Monday of Week 4 of Easter – Gospel

Commentary on John 10:11-18

Jesus gives two images of himself connected with sheep.  First, he calls himself the Gate of the sheepfold.  Only true shepherds pass through this Gate to reach the sheep.  In today’s passage, he speaks of the second image, identifying himself solemnly as the true Shepherd of his people.

I AM the Good Shepherd.

This is the third ‘I AM’ statement.  Jesus’ assertion that he is the Good Shepherd is tantamount to identifying himself as Messiah.

Of course, the image of God as shepherd of his people is found many times in the Old Testament.  For instance, in the much-loved Psalm 23, “The Lord is my shepherd…” or in Ezekiel 34 where God speaks of himself as the shepherd of his people.

Jesus now takes that role on himself.  He is the “good” shepherd because he is willing to lay down his life for his sheep.  In this he is totally unlike a hired hand who, at the first sight of danger (such as the appearance of a wolf or robbers) will abandon the sheep.  He is only being paid to do the job and has no personal commitment to the sheep.  It seems that some of the religious leaders are being finger-pointed here.  They are more interested in the literal observance of the Law than in the spiritual well-being of the people.

Jesus, on the other hand, is a good shepherd.

I know my sheep and they know me… For these sheep I will give my life.

His death on the cross is the clear proof of that.  This is what makes him stand out from other “shepherds”.  And the “knowledge” here is not mere acquaintance or recognition, but a deep mutual understanding of each other.  A knowledge that is the fruit of experience and an intimate personal contact leading to love.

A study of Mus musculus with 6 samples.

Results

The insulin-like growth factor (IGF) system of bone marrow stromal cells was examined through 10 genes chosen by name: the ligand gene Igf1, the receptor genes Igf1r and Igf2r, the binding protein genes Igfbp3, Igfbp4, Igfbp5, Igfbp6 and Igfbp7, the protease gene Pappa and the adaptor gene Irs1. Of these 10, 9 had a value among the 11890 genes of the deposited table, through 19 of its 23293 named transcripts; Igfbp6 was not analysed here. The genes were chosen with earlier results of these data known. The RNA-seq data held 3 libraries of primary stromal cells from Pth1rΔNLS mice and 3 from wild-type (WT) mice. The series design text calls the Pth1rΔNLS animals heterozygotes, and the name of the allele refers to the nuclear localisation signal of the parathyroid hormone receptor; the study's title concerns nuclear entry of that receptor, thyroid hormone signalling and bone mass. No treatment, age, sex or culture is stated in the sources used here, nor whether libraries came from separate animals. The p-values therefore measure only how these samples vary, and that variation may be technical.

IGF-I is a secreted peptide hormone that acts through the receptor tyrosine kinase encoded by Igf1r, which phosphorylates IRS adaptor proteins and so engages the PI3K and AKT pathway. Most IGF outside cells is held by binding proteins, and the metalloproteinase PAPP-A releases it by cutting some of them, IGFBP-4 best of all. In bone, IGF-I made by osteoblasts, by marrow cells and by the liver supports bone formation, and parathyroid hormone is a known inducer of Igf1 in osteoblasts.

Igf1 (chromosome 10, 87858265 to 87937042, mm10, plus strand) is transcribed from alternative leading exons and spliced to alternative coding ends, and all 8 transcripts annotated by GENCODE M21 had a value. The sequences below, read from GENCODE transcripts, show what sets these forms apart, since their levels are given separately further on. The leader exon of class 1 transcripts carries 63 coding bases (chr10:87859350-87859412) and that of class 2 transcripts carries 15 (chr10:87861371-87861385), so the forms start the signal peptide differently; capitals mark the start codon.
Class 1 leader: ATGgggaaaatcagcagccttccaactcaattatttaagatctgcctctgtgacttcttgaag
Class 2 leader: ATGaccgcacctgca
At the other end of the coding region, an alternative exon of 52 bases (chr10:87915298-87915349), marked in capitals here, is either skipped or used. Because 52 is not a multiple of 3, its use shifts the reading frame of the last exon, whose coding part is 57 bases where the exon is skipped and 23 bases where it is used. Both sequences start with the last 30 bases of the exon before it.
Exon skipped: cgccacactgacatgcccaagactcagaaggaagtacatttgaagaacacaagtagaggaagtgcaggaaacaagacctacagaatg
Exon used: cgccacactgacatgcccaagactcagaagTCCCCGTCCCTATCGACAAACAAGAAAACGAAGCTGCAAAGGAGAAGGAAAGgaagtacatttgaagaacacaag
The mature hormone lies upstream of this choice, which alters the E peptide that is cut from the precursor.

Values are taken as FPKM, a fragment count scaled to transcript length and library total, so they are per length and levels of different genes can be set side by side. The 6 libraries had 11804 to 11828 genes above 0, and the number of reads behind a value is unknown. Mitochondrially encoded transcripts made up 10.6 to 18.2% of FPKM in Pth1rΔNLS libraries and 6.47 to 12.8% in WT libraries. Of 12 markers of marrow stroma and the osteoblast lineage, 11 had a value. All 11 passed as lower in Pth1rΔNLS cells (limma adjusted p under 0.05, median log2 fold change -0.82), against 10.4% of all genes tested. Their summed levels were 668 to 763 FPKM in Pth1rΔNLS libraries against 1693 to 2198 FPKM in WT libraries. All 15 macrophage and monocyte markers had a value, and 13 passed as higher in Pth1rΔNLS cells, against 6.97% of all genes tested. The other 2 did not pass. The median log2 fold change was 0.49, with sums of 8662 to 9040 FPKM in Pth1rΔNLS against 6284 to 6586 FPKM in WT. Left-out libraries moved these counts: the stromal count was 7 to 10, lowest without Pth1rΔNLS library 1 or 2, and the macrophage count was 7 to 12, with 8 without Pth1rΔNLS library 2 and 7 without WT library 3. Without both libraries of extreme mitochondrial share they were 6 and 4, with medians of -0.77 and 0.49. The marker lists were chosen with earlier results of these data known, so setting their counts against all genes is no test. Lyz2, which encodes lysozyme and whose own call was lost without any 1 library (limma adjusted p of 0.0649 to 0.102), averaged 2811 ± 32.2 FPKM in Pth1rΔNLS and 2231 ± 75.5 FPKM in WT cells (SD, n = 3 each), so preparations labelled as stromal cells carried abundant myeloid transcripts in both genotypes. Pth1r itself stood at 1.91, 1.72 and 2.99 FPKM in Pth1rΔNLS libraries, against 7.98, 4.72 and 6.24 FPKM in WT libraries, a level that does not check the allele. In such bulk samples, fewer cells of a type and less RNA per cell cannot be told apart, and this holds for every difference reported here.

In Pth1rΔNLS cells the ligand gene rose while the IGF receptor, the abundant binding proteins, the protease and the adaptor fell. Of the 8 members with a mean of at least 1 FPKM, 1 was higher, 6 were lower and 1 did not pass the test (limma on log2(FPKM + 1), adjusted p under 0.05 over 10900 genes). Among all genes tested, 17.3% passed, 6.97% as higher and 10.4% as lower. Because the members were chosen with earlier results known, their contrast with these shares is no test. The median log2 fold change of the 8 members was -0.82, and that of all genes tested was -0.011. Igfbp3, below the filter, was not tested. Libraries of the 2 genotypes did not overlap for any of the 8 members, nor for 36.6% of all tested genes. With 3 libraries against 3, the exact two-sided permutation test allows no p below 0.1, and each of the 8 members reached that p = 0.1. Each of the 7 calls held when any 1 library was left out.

But not all sheep belong to Jesus’ flock and it is his deep desire that they too should belong to his fold.  This, first of all, points to the Gentiles who were not yet among God’s people.  For us today, it points to all those who have not yet come to know the Way of Christ as pointing to life.

Jesus’ goal is that there be “one flock and one shepherd”.  It should be the dream of all Christians too.  The Father loves Jesus because of his readiness to die for his sheep.  But Jesus’ death is his own free choice, an act of pure love for his sheep.  He has the power to lay down his life and to take it up again.  Our Shepherd will die but will rise again in glory to take his sheep with him to the life that will never end.

But, though Jesus the Good Shepherd, will die for his sheep, he does so in perfect freedom.  This is what gives his sacrifice such value.  He willingly surrenders his life into the hands of his Father, and in doing so, guarantees his presence with his sheep for all time and in every place.